Raiders from the North ushers in a bold, panoramic new historical series that tells the unknown story of the Moghul emperors, chronicling the rise and fall of one of the most powerful, opulent, and glittering dynasties in history.

Descended from the legendary Tamburlaine, the Moghuls rose out of Central Asia in the 16th century. Raiders from the North tells the astounding story of their young king, who led his warriors against rampaging armies and ruthlessly ambitious enemies to found an empire that would dominate the continent. Full of action, drama, and character, with epic battles, incredible journeys, and lives ravaged by treachery, this is the perfect book for fans of fast-paced tales of adventure during some of the most tumultuous eras in history.

©2010 Alex Rutherford (P)2010 Tantor

Critic Reviews

"A totally absorbing narrative filled with authentic historical characters and sweeping action set in an age of horrifying but magnificent savagery." (Wilbur Smith, New York Times best-selling author of River God)


As I listened to this book, I was thinking how would I describe the writing. I thought that it sounded similar to a history text book, that you would have in middle school. Then I read about the author. Alex Rutherford is a pen name for a married couple who have written many non-fiction books.

Non-fiction is what this reads most like. It seems it was based on a real man who wrote the first autobiography in Islamic literature. If you read it like a text book then you will learn about life at this time and place, but for entertainment it is lacking.

May I suggest that you read Conn Iggulden's Genghis series, starting with Genghis: Birth Of An Empire. It is a great book and a great series. You can not go wrong with Iggulden.

11 of 17 people found this review helpful

  • Overall
    3 out of 5 stars
  • Kristine
  • Stuarts Draft, VA, United States
  • 12-29-10

Heh

It was okay, I thought the story was a bit stale in many parts. I would not download again best to look elsewhere

3 of 5 people found this review helpful


very enjoyable for those who like historical novels. The life of Babur only comparable to that of the life of Genghis


This is the first book in the 'Empire of the Moghul' series by Alex Rutherford (pen name of Diana Preston and her husband, Michael Preston). The story begins in 1494 when Babur is 12 year old. He is made king of Ferghana as a result of his father’s accidental and sudden death. Babur feels a strong sense of destiny and he knows there is greatness in his future. He is, after all, the crowned ruler of Ferghana. What also reinforces his resolve is the fact that through his veins pumps the blood of great warriors and kings like Genghis Khan and Timur.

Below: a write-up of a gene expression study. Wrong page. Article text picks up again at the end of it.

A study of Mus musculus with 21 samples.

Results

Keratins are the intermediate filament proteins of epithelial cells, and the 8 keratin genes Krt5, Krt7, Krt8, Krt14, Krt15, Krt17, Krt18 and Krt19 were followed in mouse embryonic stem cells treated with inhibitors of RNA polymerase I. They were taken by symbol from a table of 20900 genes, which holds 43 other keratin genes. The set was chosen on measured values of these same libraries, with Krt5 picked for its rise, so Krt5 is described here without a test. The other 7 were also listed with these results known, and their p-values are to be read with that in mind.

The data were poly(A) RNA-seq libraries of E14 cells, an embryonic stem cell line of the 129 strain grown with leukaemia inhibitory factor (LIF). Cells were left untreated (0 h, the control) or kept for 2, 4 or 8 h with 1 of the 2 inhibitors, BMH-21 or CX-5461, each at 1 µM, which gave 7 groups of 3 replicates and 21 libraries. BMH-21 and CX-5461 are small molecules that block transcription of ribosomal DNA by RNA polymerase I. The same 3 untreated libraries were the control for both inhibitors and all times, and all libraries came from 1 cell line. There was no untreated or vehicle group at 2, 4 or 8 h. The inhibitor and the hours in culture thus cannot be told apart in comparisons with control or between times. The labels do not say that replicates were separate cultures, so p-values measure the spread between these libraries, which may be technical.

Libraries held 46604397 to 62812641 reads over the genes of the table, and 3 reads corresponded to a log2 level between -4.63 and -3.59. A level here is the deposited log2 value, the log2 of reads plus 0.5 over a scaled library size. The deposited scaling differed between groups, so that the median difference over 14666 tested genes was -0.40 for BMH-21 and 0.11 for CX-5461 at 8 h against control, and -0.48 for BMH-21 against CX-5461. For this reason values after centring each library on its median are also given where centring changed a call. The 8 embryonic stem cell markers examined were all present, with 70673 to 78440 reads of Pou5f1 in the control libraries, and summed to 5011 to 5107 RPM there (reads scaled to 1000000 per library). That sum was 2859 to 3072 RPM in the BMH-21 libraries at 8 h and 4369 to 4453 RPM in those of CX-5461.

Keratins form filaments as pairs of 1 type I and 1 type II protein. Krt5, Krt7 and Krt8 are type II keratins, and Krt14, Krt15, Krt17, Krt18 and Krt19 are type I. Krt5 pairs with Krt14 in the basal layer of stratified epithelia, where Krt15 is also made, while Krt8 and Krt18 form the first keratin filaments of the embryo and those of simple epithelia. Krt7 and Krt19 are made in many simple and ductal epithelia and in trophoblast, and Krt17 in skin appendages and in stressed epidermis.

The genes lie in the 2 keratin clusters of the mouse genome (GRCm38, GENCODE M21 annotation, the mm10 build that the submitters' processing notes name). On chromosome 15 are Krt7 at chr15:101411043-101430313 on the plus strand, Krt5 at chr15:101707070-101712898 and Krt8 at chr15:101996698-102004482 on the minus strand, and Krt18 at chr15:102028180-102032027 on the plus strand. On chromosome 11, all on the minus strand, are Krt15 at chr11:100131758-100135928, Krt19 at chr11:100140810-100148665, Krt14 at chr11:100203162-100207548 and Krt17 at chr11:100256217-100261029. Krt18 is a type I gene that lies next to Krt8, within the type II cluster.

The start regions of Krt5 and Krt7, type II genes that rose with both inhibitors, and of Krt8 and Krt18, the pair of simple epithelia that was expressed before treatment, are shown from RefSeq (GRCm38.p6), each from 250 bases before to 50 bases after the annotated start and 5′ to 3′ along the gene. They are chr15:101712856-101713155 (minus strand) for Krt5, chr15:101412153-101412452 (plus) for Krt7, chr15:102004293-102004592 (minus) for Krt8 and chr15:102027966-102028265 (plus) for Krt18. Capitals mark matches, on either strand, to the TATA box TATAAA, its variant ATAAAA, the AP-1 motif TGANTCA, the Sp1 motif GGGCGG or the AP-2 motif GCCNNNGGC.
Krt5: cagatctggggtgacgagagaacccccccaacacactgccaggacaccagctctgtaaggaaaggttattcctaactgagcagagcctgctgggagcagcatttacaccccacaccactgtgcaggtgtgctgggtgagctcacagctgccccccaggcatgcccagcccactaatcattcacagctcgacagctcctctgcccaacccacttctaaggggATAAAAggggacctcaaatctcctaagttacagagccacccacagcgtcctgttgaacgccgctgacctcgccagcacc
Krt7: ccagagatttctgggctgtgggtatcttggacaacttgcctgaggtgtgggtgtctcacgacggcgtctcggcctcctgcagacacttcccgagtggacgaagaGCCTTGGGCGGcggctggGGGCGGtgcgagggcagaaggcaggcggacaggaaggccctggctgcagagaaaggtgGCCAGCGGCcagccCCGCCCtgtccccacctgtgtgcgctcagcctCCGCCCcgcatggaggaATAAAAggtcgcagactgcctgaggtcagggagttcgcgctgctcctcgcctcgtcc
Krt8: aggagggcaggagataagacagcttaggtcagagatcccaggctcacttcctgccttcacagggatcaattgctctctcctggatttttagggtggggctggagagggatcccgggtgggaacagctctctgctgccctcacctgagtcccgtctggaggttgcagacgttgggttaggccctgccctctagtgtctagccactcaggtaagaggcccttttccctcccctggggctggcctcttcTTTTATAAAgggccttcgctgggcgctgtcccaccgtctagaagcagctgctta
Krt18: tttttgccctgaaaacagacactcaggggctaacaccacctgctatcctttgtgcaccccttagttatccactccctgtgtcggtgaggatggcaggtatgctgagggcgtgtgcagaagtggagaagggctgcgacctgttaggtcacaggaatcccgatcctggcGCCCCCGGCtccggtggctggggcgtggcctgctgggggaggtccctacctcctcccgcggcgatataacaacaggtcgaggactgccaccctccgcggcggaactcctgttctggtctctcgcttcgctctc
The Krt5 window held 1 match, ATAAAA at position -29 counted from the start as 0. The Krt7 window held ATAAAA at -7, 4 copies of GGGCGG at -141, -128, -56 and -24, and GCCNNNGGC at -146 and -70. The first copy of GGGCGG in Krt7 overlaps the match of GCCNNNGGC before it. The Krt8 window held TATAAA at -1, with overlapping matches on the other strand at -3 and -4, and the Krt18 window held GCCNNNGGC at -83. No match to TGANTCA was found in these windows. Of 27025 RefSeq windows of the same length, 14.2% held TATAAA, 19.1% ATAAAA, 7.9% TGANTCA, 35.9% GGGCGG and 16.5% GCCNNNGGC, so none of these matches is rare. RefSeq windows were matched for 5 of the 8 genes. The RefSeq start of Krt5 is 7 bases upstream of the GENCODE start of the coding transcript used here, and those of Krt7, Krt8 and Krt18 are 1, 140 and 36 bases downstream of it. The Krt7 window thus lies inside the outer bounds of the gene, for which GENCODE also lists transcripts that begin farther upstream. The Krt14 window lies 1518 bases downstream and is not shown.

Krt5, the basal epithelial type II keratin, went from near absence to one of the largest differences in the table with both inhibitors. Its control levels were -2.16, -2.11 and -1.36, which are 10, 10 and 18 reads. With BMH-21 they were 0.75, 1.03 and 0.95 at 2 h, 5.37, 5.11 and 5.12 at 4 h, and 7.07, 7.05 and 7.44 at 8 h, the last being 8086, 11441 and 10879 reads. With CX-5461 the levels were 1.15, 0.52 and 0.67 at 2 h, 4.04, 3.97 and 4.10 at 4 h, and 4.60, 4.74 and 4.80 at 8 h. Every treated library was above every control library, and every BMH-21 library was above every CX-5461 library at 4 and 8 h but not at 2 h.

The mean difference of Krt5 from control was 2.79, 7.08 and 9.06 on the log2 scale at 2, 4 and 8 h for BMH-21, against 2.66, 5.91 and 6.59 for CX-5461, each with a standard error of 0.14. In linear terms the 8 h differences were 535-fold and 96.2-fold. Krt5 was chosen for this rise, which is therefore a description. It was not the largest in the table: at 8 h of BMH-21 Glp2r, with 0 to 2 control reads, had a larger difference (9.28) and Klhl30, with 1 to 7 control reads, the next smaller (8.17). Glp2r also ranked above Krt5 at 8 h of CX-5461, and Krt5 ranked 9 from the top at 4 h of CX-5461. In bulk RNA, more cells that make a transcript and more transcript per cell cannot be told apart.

The story moves fairly quickly as the events that follow Babur’s coronation prove to be nothing less than a storm of trials and tribulations. From being sovereign of a small state to the ruler of Samarkhand, to being a king without a throne, Babur is flung into situations which might have crushed another but in his case they prove to be valuable life lessons. The result of Babur’s struggles and often perilous situations mold him into a powerful leader and the founder of the Moghul dynasty, a grand and fabulous destiny even he does not envision.

Overall the author remains true to history but as this is historical fiction, there are a few embellishments as well as fictitious characters, which the author claims were added for the sake of entertainment. We also learn that Rutherford actually traveled to most of the places mentioned in this book. This is well appreciated given that the reader/listener is treated to vivid descriptions of places, battles, executions, ancient culture and other events. From the Shah of Persia and ordinary foot soldiers to family, friends, enemies and rivals. We glimpse the colorful grandeur of the rulers of that age as well as the lives of Babur's loyal advisors and the men who fought along side him. We learn of treachery, betrayal, the gain/loss of kingdoms and the extraordinary man/animal power it took to capture thrones and establish an empire.

With the help of Babur’s own “Baburnama”, the author educated us on the ambitions, passions, emotions and success that was/is Babur’s life. This is an entertaining read/listen and I recommend it, especially to those who are interested in the history of Moghuls but don't want to be bogged down with only cold hard facts. And for those who want more, I highly recommend “Taj Mahal: Passion and Genius at the Heart of the Moghul Empire” also by Diana Preston and Michael Preston.